Sometimes the real opportunities are not where the most activity is.
The Blue Ocean Strategy is a business strategy to seek differentiation and low cost to open up new, untapped markets.
SEEKING NEW MARKETS.
It’s a mental model that promotes business growth through new and underdeveloped markets rather than competing in ‘red oceans’, or traditional highly competitive markets.
Embracing a Blue Ocean Strategy means rather than outperforming competitors in your market, you will redefine that market and reach an extended customer base through an innovative approach. Rather than beating your competition, the aim is to change the game, realign to new opportunities, and make your competition irrelevant.
The blue ocean strategy promotes ‘value innovation’, which places equal importance on value and innovation. It essentially argues that customers do not have to choose between value or affordability — instead, it's up to companies to reimagine how they deliver value differently and when they do so in an uncontested area of low competition, they can generally deliver this value at lower costs.
IN YOUR LATTICEWORK.
This model has some similarities to the Red Queen Effect, in its call to action to compete smarter rather than in traditional methods in a crowded marketplace where your competitors are doing the same thing. The Lock-In Effect adds greater weight to this model, presenting an understanding that winning customers from incumbents is not just a simple case of greater value. Finally, you might use tools such as Porter's Five Forces as part of a competitive analysis.
- Stop competing and start creating.
Rather than trying to keep up with or move faster than the competition, consider how to reframe the game by delivering value to new and unexplored market sectors.
- Use value innovation.
Value innovation is the pursuit of differentiation and low cost that changes the playing field and creates new value for the market. Being a niche player while providing products at lower costs is considered the recipe for success.
- Establish a new value curve.
Redefining your product to reach a blue ocean area implies creating factors that the industry has never offered. This involves choosing which factors to raise above industry standards and which to reduce, and having the courage to identify and eliminate useless factors that the industry takes for granted.
Cirque du Soleil
Perhaps the most commonly cited example related to blue ocean strategy, Cirque de Soleil launched in the 1980s and rapidly reinvented the circus industry by pursuing clear differentiation and relatively low-cost alternatives. By transforming their offer they shifted away from traditional family audiences and accessed corporate and adults as a new, untapped market in this space.
The National Orchestra of Iraq.
The authors of Blue Ocean Strategy cite the case of the National Youth Orchestra of Iraq. This orchestra found success by “reducing the emphasis on technical excellence and a sophisticated European repertoire” and instead focusing on “the power of music to bridge the deepest divides and highlight Iraq’s rich heritage.” They essentially stopped competing with European equivalents, instead of focusing on diversity and a different narrative of success.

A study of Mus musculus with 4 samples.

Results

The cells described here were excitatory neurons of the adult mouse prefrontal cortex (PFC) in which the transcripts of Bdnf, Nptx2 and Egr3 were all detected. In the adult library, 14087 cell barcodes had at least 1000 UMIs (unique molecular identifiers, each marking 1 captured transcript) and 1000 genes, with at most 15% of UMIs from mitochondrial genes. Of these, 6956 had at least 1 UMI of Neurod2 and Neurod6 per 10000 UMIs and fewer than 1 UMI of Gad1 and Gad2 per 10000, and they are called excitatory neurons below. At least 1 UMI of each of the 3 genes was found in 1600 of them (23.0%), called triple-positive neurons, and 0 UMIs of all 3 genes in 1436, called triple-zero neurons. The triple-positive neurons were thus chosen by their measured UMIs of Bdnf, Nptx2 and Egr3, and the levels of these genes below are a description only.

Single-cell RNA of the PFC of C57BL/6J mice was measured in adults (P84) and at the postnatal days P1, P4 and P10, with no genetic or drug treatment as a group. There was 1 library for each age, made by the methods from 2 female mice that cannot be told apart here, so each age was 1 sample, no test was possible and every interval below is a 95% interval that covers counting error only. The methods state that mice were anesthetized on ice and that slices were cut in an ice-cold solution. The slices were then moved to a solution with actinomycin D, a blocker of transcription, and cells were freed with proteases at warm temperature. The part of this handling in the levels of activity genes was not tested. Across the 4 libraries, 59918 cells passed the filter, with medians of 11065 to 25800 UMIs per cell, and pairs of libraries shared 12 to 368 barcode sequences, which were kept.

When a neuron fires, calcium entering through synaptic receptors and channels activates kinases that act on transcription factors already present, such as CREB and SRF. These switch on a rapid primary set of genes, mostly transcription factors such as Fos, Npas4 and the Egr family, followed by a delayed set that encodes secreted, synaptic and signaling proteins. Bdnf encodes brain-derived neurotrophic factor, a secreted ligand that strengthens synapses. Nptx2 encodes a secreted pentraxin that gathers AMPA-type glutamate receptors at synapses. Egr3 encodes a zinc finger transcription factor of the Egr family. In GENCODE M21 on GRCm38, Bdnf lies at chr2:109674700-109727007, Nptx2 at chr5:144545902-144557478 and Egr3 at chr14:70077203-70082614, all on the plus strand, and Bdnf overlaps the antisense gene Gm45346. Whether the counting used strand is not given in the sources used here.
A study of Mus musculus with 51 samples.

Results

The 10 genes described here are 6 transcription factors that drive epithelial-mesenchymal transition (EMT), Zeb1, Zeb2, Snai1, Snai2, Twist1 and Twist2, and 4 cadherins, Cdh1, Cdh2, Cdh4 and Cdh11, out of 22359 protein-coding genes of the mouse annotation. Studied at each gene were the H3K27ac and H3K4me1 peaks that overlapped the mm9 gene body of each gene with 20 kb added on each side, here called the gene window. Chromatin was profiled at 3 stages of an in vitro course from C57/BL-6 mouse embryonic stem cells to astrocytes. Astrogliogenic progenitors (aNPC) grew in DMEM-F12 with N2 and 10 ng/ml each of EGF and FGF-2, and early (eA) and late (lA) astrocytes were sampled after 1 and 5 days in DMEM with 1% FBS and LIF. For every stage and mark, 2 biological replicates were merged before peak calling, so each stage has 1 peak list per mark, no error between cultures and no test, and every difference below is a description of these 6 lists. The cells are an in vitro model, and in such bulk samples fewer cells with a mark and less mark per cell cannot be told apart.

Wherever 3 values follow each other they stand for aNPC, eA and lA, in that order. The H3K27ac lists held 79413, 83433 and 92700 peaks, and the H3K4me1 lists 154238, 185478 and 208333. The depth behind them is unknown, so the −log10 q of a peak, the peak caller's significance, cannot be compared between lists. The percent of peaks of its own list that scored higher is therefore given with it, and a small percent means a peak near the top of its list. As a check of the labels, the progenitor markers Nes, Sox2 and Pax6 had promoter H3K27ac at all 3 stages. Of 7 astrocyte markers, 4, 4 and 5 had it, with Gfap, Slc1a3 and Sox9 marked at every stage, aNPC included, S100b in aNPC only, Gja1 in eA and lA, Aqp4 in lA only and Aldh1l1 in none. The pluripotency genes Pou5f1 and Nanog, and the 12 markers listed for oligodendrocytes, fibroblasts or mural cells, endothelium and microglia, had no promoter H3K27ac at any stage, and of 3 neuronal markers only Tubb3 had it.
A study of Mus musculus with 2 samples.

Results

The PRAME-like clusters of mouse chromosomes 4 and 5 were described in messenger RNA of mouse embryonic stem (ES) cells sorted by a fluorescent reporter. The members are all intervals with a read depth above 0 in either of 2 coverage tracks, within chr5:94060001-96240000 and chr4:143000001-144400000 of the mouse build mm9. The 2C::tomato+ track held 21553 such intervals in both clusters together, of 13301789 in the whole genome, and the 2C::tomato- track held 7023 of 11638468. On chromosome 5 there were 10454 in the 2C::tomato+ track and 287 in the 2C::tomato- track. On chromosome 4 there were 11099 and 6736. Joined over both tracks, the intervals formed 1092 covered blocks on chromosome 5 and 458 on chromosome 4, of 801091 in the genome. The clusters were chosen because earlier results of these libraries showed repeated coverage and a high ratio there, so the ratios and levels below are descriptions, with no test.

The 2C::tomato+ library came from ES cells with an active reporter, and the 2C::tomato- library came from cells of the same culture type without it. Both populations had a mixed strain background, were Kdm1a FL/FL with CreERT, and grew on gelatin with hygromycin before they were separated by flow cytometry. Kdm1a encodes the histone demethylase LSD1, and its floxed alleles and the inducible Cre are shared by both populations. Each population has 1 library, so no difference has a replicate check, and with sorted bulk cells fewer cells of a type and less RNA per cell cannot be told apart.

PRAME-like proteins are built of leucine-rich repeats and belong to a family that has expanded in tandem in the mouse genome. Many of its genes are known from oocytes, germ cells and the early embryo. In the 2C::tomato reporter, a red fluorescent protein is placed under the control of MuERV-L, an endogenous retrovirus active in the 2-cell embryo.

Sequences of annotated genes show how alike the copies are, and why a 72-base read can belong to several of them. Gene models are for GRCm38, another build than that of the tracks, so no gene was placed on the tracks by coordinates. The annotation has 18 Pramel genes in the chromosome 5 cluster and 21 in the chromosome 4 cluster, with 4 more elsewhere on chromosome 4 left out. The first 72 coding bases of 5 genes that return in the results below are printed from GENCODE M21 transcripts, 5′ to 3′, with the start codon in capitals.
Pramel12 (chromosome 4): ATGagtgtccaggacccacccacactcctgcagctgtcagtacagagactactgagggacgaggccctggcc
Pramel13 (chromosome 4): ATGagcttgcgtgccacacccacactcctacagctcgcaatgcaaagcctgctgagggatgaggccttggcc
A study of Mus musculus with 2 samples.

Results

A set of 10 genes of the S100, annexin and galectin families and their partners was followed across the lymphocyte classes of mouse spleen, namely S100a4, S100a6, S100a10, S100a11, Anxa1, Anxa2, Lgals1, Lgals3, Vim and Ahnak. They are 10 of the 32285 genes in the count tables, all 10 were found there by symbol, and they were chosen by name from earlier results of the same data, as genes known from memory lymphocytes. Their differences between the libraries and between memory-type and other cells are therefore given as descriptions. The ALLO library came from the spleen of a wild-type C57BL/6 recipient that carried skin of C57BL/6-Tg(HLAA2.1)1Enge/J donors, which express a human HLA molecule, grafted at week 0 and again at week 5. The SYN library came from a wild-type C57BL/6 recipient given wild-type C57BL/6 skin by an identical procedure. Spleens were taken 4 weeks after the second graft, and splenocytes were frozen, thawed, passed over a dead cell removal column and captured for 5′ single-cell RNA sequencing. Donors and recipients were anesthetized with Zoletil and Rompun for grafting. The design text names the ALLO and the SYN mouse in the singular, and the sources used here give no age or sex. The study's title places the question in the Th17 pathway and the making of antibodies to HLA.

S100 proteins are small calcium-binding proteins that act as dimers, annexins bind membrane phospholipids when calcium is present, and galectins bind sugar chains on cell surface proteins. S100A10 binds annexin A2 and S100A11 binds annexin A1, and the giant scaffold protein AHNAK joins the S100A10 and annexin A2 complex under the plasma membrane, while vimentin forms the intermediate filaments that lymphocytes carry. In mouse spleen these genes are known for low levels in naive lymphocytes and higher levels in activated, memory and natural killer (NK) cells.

iTunes charts a new path.
Apple launched iTunes at a time when the music industry was struggling with growing illegal downloads. Most players continued battling in the red ocean, which was shrinking due to these downloads. iTunes created a new category of music sales that allowed artists to profit and offered increased consumer flexibility, with the ability to shop online and buy single songs rather than entire albums.
Critics of the Blue Ocean Strategy claim that this mental model is more of a retrospective tool rather than a predictive one, as it applies to past business success examples. Stories of companies that have actually used the theory to stand out from the crowd are scarce.
It is not a simple thing to find a ‘blue ocean’ and, if you are successful, it will often require additional investment to establish market knowledge of your goods or services. While you won’t be competing with another company, you will likely be competing with your new potential customers' ignorance or misunderstanding of your value proposition.
The blue ocean and red ocean strategy relate to business strategy and marketing.
Use the following examples of connected and complementary models to weave the blue ocean strategy into your broader latticework of mental models. Alternatively, discover your own connections by exploring the category list above.
- The Red Queen effect: understanding that moving faster in your existing market will not suffice.
- Disruptive innovation: the need to create new markets and ‘reframe the game’.
- The 4Ps of marketing: to consider marketing and product strategy.
- Lock-in effect: even if a low cost alternative was provided, what are factors that will cause blocks to uptake.
- Porter’s five forces: to assess and understand a competitive market.
- First principle thinking: to cut through existing assumptions within a contested market.
- The golden circle: to be clear on strategies that align with the core of your business.
- The Lindy effect: as a challenge to starting something new and/or challenging something old.
Learn more about the Blue Ocean Strategy directly from its creators by reading the Blue Ocean Strategy: How to Create Uncontested Market Space and Make the Competition Irrelevant, a bestseller published in more than 40 languages. The authors also run a leadership consultancy under the same name.